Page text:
We must regulate hate speech, without forbidding unpopular speech – media analysts
A new police unit combating hate crimes on the internet is to be set up in the UK. The British Home Secretary says the problem needs to be correctly dealt with.
“Online hate crime is completely unacceptable. What is illegal offline is illegal online, and those who commit these cowardly crimes should be met with the full force of the law,” Home Secretary Amber Rudd said.
RT heard opinion from the independent journalist and commentator Martin Summers and commentator Paul Viollis, CEO of Viollis Group International.
RT: Hate crimes are a pressing issue in the UK. But is policing the internet the right way to go about dealing with it?
Paul Viollis: Unfortunately, I wish we didn’t even have to have this conversation, but it is necessary. It is because there are no parameters at this point. The amount of crime that is perpetrated on the internet – from hate crimes to hate speech – even to the recruitment and planning ISIS uses the internet for - is something that we absolutely have to put our hands on. And again I wish we didn’t have to have this conversation, but we do and compliments to Secretary Rudd for taking the first step on this in the global community.
RT: Is that a fair point?
Martin Summers: If you say something to somebody’s face which is a threat or an implied threat, that is illegal already. So in a sense, what we are saying here is that it is going to be the same for online versions of the same kinds of crime. But you’ve got to define it very tightly. Nobody accepts full freedom of speech. I could break into swearing now, and that wouldn’t be acceptable for all sorts of reasons. Society does have rules about language, but you’ve got to be very careful you’re not squeezing out legitimate debate. We will have to see how this operates, and hopefully, it will be done in a sensible rather than a stupid way.
RT: Some users on the forums are complaining that their comments have been blocked and they are very angry about the fact that they are being censored. Do we need to worry about going too far in that direction?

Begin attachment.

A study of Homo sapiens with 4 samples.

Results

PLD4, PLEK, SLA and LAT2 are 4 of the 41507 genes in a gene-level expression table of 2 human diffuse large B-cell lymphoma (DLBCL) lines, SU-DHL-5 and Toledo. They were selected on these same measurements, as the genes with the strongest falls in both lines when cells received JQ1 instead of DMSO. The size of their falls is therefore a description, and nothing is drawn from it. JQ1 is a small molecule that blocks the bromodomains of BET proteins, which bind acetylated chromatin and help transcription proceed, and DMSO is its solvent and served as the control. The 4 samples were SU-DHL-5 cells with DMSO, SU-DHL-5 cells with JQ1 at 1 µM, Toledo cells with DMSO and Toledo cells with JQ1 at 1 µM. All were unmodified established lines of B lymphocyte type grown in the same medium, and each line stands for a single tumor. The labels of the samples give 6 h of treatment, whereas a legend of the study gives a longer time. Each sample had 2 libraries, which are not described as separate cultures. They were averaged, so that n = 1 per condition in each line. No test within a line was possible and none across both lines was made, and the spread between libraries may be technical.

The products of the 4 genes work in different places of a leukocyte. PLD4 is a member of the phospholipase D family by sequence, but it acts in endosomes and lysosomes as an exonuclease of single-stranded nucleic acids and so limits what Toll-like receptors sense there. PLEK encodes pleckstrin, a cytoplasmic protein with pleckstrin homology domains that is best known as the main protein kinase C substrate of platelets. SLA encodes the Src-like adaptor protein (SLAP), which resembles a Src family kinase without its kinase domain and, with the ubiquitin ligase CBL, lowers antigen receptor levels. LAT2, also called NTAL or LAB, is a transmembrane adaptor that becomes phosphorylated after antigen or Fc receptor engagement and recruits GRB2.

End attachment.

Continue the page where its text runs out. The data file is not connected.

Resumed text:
PV: I do, I do think we have to. And that is why the key word here is balance. I agree with what you were saying. It is all about balance. We don’t want to eliminate the ability for us to have, as you are facilitating right now, a healthy good solid debate. We don’t want to do that. Because I think that damages so many things in our global community. But we do need to put our arms around hate speech. Just the sheer number of suicides globally that is tied to hate speech alone is unprecedented in the last three years…That is just one example. I agree with the side that, “We don’t want to eliminate debate.” But two, as my colleague was just mentioning. If in fact, it is illegal offline, it needs to be illegal online.
RT: Is it right to send people to prison for something they write online?
MS: People don’t get sent to prison always for these offenses. They can be cautioned…but the law when online or offline should be the same. And the principles behind it should be the same. I think one of the problems online is people use anonymity, and the kind of the nature of debates online is often very vituperative because you wouldn’t say that to somebody you were sitting in a room with because the body language wouldn’t allow you. And people just allow themselves when they go online, to be almost alter egos of themselves, and they say the thing they wouldn’t say to people’s faces. But we’ve got to be realistic and adult about this. People are going to have strong opinions, but they can’t go and threatening groups of people or individuals, because that is just not on…The principles should surely be that what is already illegal offline should be illegal online for the same kinds of reasons. It is not really a big step to have the same rules in both spheres, is it?...The thing I would say about online remarks is they are traceable; it’s on the record, and therefore it should be quite straightforward to find out who said what and hold them to account. But we mustn’t go to the extent of forbidding people from saying things that are just unpopular or difficult, and that’s going to be the real test.